Monday, August 10, 2015

qotd: Can we celebrate the decline in the numbers of uninsured?

August 10, 2015
In U.S., Uninsured Rates Continue to Drop in Most States
By Dan Witters

The marketplace exchanges opened on Oct. 1, 2013, with new insurance
plans purchased during the last quarter of that year typically starting
on Jan. 1, 2014. Medicaid expansion among initially participating states
also began with the onset of 2014. As such, 2013 serves as a benchmark
year for uninsured rates as they existed prior to the enactment of the
two major mechanisms of the healthcare law.

Nationwide, the uninsured rate fell from 17.3% in full-year 2013 to
11.7% in the first half of 2015.

Collectively, the uninsured rate in states that have chosen to expand
Medicaid and set up their own state exchanges or partnerships in the
health insurance marketplace has declined significantly more since 2013
than the rate in states that did not take these steps. The uninsured
rate declined 7.1 points in the 22 states that implemented both of these
measures by Dec. 31, 2014, compared with a 5.3-point drop across the 28
states that had implemented only one or neither of these actions.

Although the 22 states that implemented both mechanisms before Jan. 1,
2015, had a lower uninsured rate to begin with, the 7.1-point drop is
larger than what is reported among the other 28 states, and represents a
44% decline since 2013 in the uninsured rate among adults residing
there. The 5.3-point drop in the 28 states that have implemented one or
neither of the mechanisms represents a 28% decline in uninsured rates.
Still, the difference in the rate of decline in uninsured rates between
the two groups of states has now leveled off, and is unchanged relative
to the same 1.8-point gap in the rate of decline measured in midyear 2014.


Comment by Don McCanne

Although supporters of the Affordable Care Act (ACA) celebrate the
reductions in the numbers of uninsured into the second year of plan
enrollment, those of us who believe that everyone should be covered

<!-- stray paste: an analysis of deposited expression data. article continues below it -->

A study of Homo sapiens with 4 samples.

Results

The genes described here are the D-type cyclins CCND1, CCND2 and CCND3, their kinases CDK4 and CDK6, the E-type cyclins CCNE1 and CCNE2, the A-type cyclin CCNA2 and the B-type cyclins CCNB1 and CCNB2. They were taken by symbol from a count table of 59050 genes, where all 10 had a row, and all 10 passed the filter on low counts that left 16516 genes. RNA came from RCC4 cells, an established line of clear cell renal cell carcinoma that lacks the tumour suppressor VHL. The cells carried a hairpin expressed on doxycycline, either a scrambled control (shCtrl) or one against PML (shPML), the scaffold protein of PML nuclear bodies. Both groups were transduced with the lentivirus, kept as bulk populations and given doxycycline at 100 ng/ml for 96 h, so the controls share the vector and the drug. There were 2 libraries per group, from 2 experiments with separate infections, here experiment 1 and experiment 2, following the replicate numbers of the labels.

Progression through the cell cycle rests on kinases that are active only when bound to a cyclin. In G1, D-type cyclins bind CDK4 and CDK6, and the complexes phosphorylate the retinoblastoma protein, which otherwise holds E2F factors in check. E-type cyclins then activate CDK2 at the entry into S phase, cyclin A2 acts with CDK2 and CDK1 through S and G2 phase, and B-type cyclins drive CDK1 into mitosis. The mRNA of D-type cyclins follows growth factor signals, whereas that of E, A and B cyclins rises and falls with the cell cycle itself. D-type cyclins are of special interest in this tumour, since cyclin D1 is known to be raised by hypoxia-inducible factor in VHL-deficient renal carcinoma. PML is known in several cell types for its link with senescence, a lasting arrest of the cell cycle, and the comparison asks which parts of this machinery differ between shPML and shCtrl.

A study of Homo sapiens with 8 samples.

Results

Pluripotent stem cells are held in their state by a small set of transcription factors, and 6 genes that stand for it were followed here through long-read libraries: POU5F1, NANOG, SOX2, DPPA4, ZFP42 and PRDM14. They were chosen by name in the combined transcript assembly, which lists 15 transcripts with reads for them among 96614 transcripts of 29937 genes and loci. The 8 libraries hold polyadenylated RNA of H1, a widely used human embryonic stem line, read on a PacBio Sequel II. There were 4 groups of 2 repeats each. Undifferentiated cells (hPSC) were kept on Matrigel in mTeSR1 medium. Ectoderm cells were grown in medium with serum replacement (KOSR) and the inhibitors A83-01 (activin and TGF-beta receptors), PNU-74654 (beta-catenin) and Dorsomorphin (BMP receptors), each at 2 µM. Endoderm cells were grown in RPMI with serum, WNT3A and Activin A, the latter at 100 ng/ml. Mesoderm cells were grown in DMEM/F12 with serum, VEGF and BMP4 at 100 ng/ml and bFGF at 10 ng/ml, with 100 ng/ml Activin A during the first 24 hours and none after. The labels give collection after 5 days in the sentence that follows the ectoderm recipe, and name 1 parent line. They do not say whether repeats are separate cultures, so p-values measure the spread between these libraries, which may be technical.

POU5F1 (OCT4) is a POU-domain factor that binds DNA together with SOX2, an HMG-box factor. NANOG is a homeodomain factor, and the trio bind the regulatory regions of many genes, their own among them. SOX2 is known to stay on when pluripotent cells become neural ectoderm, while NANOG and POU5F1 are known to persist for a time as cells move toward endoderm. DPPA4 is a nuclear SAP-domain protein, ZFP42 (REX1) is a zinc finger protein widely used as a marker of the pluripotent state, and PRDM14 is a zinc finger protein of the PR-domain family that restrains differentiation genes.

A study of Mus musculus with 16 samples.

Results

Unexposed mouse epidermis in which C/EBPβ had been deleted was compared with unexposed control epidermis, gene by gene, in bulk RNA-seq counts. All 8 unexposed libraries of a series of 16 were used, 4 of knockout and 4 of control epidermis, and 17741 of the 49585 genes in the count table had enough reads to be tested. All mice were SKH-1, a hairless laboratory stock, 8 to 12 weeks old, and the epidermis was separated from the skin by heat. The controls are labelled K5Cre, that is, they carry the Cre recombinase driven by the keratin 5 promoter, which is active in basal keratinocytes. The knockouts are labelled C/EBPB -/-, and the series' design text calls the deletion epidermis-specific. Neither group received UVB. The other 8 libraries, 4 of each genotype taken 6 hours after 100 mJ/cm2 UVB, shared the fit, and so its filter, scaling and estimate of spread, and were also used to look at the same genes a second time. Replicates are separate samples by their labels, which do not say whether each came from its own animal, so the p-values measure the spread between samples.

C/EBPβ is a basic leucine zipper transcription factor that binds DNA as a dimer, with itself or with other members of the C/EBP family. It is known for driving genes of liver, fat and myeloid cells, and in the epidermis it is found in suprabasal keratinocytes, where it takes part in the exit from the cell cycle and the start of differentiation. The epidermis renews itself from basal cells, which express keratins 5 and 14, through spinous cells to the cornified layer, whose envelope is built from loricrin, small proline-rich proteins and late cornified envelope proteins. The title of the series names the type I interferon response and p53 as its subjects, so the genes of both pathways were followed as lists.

certainly do not have cause to celebrate.

Nationally, the rate of uninsured fell from 17.3% before ACA expansions
were implemented to 11.7% after the second annual enrollment period.
That is a decline in the uninsured of only 32%. Two-thirds of the
numbers previously uninsured still remain uninsured.

Even in those states that cooperated with ACA by both expanding Medicaid
and by establishing exchanges themselves or partnering with the federal
government to establish exchanges still saw reductions in the uninsured
of only 44% - less than half (a decline from 16.0% to 8.9%). Thus even
the optimal results are disappointing. States that failed to cooperate
saw even less of a decline in the uninsured - 28% (from 18.7% to 13.4%).

With two seasons of ACA implementation, the low fruit has been picked.
With increasing penalties for remaining uninsured, a few more enrollees
should trickle into the exchanges. Also some states missing in action
will likely reluctantly expand their Medicaid programs. But even with
optimistic estimates of the increases in participation, it is quite
clear that far too many will remain uninsured.

The defect is in the design of the Affordable Care Act - an
administratively complex, fragmented system that could never result in
truly universal coverage, not to mention all of the inequities that it
perpetuates. In contrast, a single payer system automatically enrolls
everyone, while reducing inequities. That's the design that we need.